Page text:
Saturday, Oct. 29, 2011 | 2 a.m.
Four years after Wall Street’s recklessness collapsed the housing market, the foreclosure crisis is still hammering Las Vegas Valley residents. Thousands of Nevadans have lost their homes or are in danger of losing them, as our state was hit the hardest by the crash.
Even for those Las Vegans who are still fortunate to be living in their home, a vast number of them are underwater because home values here have fallen so far that people owe more on their homes than they’re worth.
It’s a crisis that affects more than those who have lost their homes. Foreclosed homes often aren’t taken care of by the lender who owns the mortgage note, so these neglected homes and yards are run down. The property values of neighboring homes suffer as a result. The worse the foreclosure crisis gets, the harder it is for the Las Vegas economy to emerge from this recession — and that affects all of us.
I’ve seen the devastation that hard-working middle-class families have had to endure when faced with the possibility of losing their homes. Responsible homeowners have told me often of their unsuccessful efforts to get lenders to refinance their mortgages since the crisis began. These homeowners need help. The good news is President Barack Obama is listening.
When the president assumed office in 2009, the housing crisis — a complicated problem with no easy fix — had been well underway. The administration immediately implemented constructive and creative strategies to stabilize the housing market so responsible homeowners can keep their homes.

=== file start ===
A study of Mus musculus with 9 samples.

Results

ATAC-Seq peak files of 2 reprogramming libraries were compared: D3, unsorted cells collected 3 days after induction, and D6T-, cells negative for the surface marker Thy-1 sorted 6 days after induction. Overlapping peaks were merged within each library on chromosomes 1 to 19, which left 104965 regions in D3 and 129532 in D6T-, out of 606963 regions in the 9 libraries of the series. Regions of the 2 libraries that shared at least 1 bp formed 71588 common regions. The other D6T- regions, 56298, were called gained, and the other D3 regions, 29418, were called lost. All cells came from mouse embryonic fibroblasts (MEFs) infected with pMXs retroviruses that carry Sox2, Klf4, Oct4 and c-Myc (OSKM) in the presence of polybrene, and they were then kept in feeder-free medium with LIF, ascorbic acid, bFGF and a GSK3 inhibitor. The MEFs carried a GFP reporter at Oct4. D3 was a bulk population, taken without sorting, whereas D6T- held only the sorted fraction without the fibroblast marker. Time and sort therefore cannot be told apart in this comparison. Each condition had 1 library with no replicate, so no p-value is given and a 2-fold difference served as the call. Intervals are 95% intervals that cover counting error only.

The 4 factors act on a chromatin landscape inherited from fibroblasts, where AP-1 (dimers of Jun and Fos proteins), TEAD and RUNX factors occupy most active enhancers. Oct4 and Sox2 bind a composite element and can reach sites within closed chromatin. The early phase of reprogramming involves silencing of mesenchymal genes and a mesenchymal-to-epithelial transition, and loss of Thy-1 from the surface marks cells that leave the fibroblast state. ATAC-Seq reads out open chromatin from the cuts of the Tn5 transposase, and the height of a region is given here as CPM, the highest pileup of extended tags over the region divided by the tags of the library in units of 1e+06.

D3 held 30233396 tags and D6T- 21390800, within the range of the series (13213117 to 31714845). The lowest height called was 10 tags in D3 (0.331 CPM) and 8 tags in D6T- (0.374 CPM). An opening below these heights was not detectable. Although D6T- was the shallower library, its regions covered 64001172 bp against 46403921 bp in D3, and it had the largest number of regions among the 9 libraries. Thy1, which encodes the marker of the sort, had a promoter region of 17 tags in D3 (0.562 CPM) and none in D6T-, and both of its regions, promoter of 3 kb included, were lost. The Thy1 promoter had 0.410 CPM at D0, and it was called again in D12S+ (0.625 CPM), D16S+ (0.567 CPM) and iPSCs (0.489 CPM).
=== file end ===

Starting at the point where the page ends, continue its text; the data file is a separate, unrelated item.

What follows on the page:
I was excited that the president came to Las Vegas last week, unveiling a new plan that should help homeowners refinance. The president made his announcement at the east Las Vegas home of Jose and Lissette Bonilla, a couple who benefited from his Neighborhood Stabilization Program, which helped the Bonillas afford the down payment and fix up the house they bought.
The president outlined the three basic parts to his new mortgage refinancing plan when he visited Las Vegas:
• Responsible homeowners will be able to refinance government-backed mortgages regardless of how much their home’s value has dropped.
• The closing costs will be lower and even some refinancing fees will be done away with completely. There are times when such fees are so prohibitive that they cancel out any benefit of refinancing.
• Consumers will have the opportunity to shop around to get the best rates. Currently, those homeowners with underwater mortgages have to refinance with their current lenders. That not only precludes competition, but it also means homeowners are at the mercy of their lenders.
President Obama’s reforms are grounded in the belief that owning a home is not just a place to live — it is something that’s cherished. But to someone like Republican presidential candidate Mitt Romney, a former financial executive, a home is little more than an investment, whose value is measured on a financial ledger.
Earlier this month in Las Vegas, Romney said: “Don’t try to stop the foreclosure process. Let it run its course and hit the bottom.” So while Romney is willing to give big tax breaks to the wealthy and corporations, he isn’t willing to help those who are struggling to hold on to their homes.
The president said in Las Vegas: “I’m going to keep on doing everything in my power to help to stabilize the housing market, grow the economy, accelerate job growth, and restore some of the security that middle-class families have felt slipping away for more than a decade.”
President Obama understands this is a problem affecting hard-working Americans, while Romney apparently views this as a money-making opportunity.
Instead of moving forward, Romney and the many Republicans incredibly promise to go back and enable the same recklessness on Wall Street that got us into this mess in the first place.
Kelvin Atkinson, a Democrat, is a state assemblyman whose district includes mostly North Las Vegas residents.